WhatsApp is a messaging service used by people all over the world. With Twilio's Messaging API you can programmatically send WhatsApp messages. Let's walk through how to use Python to send a media message over WhatsApp.
Development Environment Setup
Make sure we have the right software installed and set up that we'll need to use for the rest of this post. Throughout this post, you will need:
- Python 2 or 3 installed (do this first if you haven't already)
- A free Twilio account with an activated WhatsApp Sandbox
- The Twilio Python library
Here is a good guide to follow in general if you are going to be doing more with Twilio and Python.
Sign up for Twilio and activate the Sandbox
Before you can send a WhatsApp message, you'll need to sign up for a Twilio account or sign into your existing account and activate the Twilio Sandbox for WhatsApp. The Sandbox allows you to prototype with WhatsApp immediately using a shared phone number, without waiting for a dedicated number to be approved by WhatsApp.
To get started, select a number from the available Sandbox numbers and follow the instructions to activate your sandbox.
Take note of the phone number you choose in the Sandbox. You'll need this later when we're ready to send some messages.
In order to use the Sandbox, you need to opt in by sending the phone number you chose a message from WhatsApp. Send "join <your sandbox keyword>” to your Sandbox number in WhatsApp, and you will receive a confirmation that you’ve joined. Your sandbox keyword can be found in the console.
Sending a WhatsApp message with Python
Now that you have a Twilio account and have activated the WhatsApp Sandbox, you're ready to dive into some code and send messages! Let's use this owl picture for the media we are going to send, because owls are cool. Start by opening your terminal and navigating to the directory where you want your project to live.
First install the virtualenv package then run the following command:
After either of those steps, activate the virtual environment:
Install the Twilio Python helper library into the virtualenv:
pip install twilio
With that out of the way, create a file called
whatsapp.py in this directory and add the following code to it:
import os from twilio.rest import Client client = Client(os.environ['TWILIO_ACCOUNT_SID'], os.environ['TWILIO_AUTH_TOKEN']) # this is the Twilio sandbox testing number from_whatsapp_number='whatsapp:+14155238886' # replace this number with your personal WhatsApp Messaging number to_whatsapp_number='whatsapp:+15005550006' message = client.messages.create(body='Check out this owl!', media_url='https://demo.twilio.com/owl.png', from_=from_whatsapp_number, to=to_whatsapp_number) print(message.sid)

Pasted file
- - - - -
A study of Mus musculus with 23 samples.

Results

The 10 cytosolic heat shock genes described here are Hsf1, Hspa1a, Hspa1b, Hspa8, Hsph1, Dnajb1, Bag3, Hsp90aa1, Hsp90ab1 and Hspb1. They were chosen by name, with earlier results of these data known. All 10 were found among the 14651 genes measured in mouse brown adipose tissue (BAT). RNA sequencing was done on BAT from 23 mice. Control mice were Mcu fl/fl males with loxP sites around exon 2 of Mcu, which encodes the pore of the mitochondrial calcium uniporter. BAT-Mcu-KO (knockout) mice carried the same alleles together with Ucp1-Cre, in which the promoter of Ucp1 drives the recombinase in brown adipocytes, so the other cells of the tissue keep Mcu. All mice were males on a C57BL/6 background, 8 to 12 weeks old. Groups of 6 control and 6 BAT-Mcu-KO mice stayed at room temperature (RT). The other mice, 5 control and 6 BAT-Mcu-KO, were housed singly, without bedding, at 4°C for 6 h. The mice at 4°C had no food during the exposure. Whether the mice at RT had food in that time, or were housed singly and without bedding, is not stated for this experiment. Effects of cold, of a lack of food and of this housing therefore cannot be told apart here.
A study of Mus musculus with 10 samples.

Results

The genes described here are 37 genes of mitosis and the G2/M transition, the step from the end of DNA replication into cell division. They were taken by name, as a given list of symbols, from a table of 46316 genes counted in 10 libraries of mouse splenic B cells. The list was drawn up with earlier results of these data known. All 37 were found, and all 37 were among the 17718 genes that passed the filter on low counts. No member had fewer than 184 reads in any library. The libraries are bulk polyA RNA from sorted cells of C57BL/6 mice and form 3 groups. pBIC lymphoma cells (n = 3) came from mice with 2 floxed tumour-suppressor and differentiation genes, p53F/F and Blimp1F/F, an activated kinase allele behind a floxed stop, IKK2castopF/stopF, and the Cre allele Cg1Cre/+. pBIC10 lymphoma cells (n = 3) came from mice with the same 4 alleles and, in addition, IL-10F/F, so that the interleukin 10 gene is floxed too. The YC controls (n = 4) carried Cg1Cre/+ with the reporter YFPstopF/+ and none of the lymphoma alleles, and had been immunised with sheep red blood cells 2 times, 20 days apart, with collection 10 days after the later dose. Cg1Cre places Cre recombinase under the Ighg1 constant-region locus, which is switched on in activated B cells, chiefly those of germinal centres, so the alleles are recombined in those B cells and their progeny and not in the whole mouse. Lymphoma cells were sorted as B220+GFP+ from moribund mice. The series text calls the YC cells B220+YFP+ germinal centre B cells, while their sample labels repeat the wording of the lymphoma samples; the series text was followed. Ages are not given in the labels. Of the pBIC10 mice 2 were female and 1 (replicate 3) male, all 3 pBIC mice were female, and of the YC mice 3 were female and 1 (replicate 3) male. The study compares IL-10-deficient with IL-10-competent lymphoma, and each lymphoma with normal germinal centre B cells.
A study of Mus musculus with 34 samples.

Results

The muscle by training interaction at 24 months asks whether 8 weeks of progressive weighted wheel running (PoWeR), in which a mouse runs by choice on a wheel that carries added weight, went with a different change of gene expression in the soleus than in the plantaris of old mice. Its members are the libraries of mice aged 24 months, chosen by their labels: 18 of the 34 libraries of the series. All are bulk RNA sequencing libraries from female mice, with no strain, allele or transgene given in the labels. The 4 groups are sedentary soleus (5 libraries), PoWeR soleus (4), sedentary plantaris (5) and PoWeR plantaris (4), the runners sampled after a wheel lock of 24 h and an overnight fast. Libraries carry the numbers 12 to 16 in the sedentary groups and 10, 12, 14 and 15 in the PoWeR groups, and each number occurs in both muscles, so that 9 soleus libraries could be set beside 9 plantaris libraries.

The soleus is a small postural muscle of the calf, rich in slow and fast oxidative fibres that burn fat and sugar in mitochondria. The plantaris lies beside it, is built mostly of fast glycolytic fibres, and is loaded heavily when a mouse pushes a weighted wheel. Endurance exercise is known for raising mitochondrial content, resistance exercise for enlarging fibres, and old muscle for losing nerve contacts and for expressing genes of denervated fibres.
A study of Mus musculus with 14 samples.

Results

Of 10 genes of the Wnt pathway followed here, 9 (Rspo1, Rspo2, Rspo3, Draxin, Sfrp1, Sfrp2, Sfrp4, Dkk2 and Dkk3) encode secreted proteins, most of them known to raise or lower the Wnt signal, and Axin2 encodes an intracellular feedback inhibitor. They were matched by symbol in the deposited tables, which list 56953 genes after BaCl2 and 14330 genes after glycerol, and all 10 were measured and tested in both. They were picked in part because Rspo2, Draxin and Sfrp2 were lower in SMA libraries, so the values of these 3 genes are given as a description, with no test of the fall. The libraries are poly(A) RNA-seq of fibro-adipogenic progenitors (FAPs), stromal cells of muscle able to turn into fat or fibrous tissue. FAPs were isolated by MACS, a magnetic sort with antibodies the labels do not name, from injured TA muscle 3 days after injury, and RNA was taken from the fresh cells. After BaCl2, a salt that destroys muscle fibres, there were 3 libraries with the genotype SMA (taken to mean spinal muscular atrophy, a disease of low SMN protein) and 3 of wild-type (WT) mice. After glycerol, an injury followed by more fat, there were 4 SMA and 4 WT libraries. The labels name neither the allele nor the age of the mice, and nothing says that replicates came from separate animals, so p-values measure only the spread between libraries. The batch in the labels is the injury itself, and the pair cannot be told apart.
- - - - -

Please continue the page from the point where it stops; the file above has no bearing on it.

Before running this code, make sure you set the environment variables
TWILIO_AUTH_TOKEN with their respective values from your Twilio account credentials, which can be found in your Twilio Console. The Twilio Python library will automatically look at those values, so you can avoid hard coding them in your
whatsapp.py file! Here's a useful tutorial if you need help setting environment variables.
Finally, in your terminal run the following command to run this code to send yourself a picture of an owl on WhatsApp:
Check your messages and you should see something like this!
Keep in mind that you will have to use a pre-approved template if you want to message someone more than 24 hours after their last incoming message. And note that WhatsApp media messages don't support some of the file types that MMS does. For more information on file type support check out the FAQs.
You just successfully sent your first WhatsApp media message using Python, but what if you want to do this in Node.js or C#? We have other blog posts you can check out for that!
- Sending WhatsApp messages with Node.js
- Sending WhatsApp media messages with C#
- Sending WhatsApp messages with Java
- Sending WhatsApp messages with PHP
I’m looking forward to seeing what you build. Feel free to reach out and share your experiences or ask any questions.